Earth Science US East Coast wiped out?

Discussion in 'Earth Science' started by JcMinJapan, Sep 12, 2004.

  1. JcMinJapan

    JcMinJapan Premium Member

    On the island of La Palma in the Canaries archipelago, there is a very unstable volcano that could plunge into the ocean.
    Many think that the water trapped between dykes of impermeable rock could create pressures that eventually lead to the western flank of the mountain falling away during some future eruption. Scientists went on to say that this could happen in 10 or 20 years or even longer or possibly even shorter. ha ha... Great esitmates huh? But, it does sound probable in our lifetime though... WOW
    Should the volcano become active again, scientists belief part of the southern mountain ridge will slide into the Atlantic ocean, causing a tsunami of 900 meters (3000 feet) high that will break on the shores of Florida and Brazil.

    Scientists have claimed that if it does erupt, there is a good chance that landslide could occur and around a half a trillions tons of rock could go falling into the ocean. Now, this rock will displace the water causing a tital wave of magnificent porportions. It is estimated that it would be around 650 meters or around 2,100 feet in height. It would travel vert very high speeds and give only a few hours of warning for evacuations. Now, it is expected that the tidal waves size would weaken as it crossed the Atlantic, but would still be in the range of 45 - 50 meters or 150 feet in height.

    Taking all this into account here are the most recent volcanic activity: 1971, 1949, 1712, 1677-78, 1646, 1585, 1435. Looks like we may be due for another one?

    CNN.com - Scientists warn of massive wave - August 29, 2001
    La Palma Tsunami

    Any opinions on this? Next topic I will do a special for Seth. Hawaii... The Ticking Time bomb! BWAHAHA
     
  2. justme1640

    justme1640 Member

    Interesting information -- thanks -- but I am going to hope for 40 or 50 years (since I am 51 :wow: ) I don't think my little hill on Long Island is going to be much protection.....:(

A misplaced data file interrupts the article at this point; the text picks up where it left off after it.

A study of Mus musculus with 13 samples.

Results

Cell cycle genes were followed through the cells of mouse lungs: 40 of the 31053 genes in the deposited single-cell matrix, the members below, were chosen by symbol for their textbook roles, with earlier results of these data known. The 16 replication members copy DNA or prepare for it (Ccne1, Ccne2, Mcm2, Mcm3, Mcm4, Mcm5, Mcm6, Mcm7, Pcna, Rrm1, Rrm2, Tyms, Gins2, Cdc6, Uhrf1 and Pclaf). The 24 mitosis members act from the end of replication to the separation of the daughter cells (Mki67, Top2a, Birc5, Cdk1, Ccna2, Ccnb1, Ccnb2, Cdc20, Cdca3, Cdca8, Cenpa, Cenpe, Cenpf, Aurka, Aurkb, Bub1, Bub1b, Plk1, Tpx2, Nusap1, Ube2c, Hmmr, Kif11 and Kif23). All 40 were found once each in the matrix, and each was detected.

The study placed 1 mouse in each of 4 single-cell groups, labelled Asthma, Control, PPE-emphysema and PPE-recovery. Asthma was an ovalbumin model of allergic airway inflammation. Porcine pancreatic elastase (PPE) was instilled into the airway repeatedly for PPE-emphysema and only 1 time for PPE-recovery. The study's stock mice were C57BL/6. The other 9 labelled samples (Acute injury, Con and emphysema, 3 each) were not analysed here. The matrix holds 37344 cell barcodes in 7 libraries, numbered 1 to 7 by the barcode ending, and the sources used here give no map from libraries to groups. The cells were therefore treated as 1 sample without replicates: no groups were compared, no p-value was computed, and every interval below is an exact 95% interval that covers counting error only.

3. Zsandmann

    Zsandmann Premium Member

    I saw a show on this on Discovery channel, the evidence is pretty convincing that it will go soon. (When I say soon I say it like a geologist would, soon can be 10 or 100 years) That said they showed film of the island and there is a large slide scar from past slides. If it went the east coast would never have time to run, the capital southward would likely be destroyed.
     
  4. Mizar

    Mizar Premium Member

    there is alot of gelogical activity going on lately i wonder what the deal is im expecting a under water earth quake soon in the pacific to make a tsuanimi i wont be supperised if we see one in the next year with all the stuff going on in teh "Ring of Fire"
     
  5. Bleys

    Bleys Phoenix Takes Flight Staff Member

    I watched that same Discovery Channel program. Don't ya just love documentaries that keep you up nights?

    One thing I did notice about the program - it assumed worse case scenario. I think just as easily we could see a smaller landslide and no tsunami.

    Regardless though - with as many active volcanos that are currently showing their stuff, you have to wonder what's up.
     
  6. justme1640

    justme1640 Member

    I don't know how I missed that docu.....I watch them all if you ask DH....

    So north of DC won't be as bad .... little old LI, NY would only be flattened perhaps..:p the only way I could get off the island in a couple of hours is if I took the boat and somehow I don't know if that would help much huh? :o
     
  7. JcMinJapan

    JcMinJapan Premium Member

    I saw the same documentary. I remembered it, so that is why I looked it up. Will the activity in the world, it seems like Geology is a hot topic now.
     
  8. justme1640

    justme1640 Member

    Wow -- you were right there.

    jm
     
  9. oddtodd

    oddtodd Premium Member

    Isn't Long Island on a subduction zone ? I read somewhere that there is a ton of natural heat bubbling up there ?

    I also read that subduction zones (where one tectonic plate burrows under another) can be gently sloping or very abrupt like the recent tragedy . and the amount of water displacement is affected accordingly . any info on this ? ( I just saw The Day After Tomorrow )
     
  10. mscbkc070904

    mscbkc070904 Premium Member

    You would think with all this knowledge about the possibilities of tidal waves that something would be done off the coast to protecte it like for instance barrier reefs just above water displaced along the coast. Which would also help in the event of hurricanes with rising tides and water than crashes. The barrier reefs like th eones off the coast of Okinawa and Japan help break the waves up prior to impacting, causing to to slow and crash downward into the water before reaching landfall. Its not a wall that you can hide behind and it will protect you but it surely would decrease the impact.